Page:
Using these design methods, we can achieve a new, implementable landscape standard across Virginia Tech’s campus that celebrates equity and enjoyment for people of all abilities while still highlighting the unique qualities of the place. When entering a college or university campus, landscapes are the first thing people encounter. If we can make these landscapes accessible to everyone, we have the opportunity to shift the reputation of higher education from an ivory tower to a common ground, welcoming to all.
 Julia Africa, Cheri Ruane, Gary Hilderbrand, and Chris Reed, “Parks are essential — especially during the coronavirus pandemic,” Boston Globe, May 6, 2020, https://www.bostonglobe.com/2020/05/05/opinion/parks-are-essential-especially-during-coronavirus-pandemic/.
 Centers for Disease Control and Prevention, “Disability Impacts All of Us,” CDC website, page last reviewed September 9, 2019, https://www.cdc.gov/ncbddd/disabilityandhealth/infographic-disability-impacts-all.html#:~:text=61%20million%20adults%20in%20the,is%20highest%20in%20the%20South.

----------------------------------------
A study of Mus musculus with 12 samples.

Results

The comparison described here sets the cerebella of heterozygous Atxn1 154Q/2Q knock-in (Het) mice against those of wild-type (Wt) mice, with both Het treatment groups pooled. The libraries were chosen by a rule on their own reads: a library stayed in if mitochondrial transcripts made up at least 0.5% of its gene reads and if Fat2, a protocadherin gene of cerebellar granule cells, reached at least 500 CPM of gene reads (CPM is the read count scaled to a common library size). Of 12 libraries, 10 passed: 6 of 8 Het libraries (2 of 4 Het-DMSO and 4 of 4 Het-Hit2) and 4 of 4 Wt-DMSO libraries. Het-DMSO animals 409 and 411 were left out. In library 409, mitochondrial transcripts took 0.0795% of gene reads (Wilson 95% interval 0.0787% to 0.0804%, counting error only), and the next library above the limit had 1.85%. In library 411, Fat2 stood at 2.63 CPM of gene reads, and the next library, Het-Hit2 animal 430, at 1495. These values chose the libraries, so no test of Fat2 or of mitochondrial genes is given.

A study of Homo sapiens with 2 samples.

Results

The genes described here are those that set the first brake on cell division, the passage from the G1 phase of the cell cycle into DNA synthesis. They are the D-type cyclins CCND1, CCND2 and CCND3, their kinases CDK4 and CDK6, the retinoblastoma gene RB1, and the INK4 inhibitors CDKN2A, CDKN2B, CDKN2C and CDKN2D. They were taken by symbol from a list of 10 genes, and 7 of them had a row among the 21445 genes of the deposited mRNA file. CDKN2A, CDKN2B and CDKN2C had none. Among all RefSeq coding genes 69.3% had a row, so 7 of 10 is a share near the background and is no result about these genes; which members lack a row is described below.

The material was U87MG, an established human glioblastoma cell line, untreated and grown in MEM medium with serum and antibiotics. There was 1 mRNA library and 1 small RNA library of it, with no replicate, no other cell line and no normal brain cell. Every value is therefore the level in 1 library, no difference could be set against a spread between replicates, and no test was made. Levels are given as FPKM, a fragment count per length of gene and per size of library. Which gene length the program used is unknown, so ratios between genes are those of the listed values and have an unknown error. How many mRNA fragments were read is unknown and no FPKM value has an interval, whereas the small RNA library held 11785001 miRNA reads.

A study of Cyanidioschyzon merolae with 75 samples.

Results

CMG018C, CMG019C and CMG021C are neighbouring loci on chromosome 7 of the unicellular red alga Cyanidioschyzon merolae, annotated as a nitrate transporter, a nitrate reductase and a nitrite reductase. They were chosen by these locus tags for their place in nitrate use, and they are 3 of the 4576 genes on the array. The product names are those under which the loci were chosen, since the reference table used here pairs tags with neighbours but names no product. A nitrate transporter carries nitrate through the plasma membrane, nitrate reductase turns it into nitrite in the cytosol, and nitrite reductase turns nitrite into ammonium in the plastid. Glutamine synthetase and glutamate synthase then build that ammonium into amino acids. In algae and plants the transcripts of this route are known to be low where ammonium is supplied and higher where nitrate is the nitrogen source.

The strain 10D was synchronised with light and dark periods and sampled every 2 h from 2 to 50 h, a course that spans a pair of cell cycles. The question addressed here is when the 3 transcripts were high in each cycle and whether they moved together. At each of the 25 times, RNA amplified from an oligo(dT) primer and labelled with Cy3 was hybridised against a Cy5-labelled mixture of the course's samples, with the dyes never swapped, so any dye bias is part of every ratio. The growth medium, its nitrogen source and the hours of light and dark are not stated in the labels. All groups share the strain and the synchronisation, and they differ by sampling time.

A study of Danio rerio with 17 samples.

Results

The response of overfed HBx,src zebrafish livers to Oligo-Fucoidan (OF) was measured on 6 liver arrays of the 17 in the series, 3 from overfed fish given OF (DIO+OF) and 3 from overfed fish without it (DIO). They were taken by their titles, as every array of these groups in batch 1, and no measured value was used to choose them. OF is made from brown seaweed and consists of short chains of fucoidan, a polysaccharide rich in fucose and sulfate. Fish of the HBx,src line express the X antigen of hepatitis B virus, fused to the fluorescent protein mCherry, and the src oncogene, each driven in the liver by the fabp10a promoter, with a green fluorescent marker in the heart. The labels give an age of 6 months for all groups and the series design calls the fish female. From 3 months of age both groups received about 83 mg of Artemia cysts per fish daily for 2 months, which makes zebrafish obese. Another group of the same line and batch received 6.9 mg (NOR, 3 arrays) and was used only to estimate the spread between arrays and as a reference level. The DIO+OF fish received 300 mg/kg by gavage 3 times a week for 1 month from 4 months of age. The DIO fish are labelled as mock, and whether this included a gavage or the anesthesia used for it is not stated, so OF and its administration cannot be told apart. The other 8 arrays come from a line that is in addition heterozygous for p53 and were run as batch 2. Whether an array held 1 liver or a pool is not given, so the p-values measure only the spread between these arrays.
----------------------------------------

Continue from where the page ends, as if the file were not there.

The Institute for Human Centered Design, “History,” IHCD website, last accessed August 24, 2020, https://www.humancentereddesign.org/inclusive-design/history.
 US Department of Justice, “Introduction to the ADA,” ADA.gov, last accessed August 24, 2020, https://www.ada.gov/ada_intro.htm.
 For more information on the history of the disability movement: Maya Sabatello. “Chapter 1. A Short History of the International Disability Rights Movement.” Human Rights and Disability Advocacy, doi:10.9783/9780812208740.13.
 John Swain, et al., Disabling Barriers – Enabling Environments. SAGE, 2014.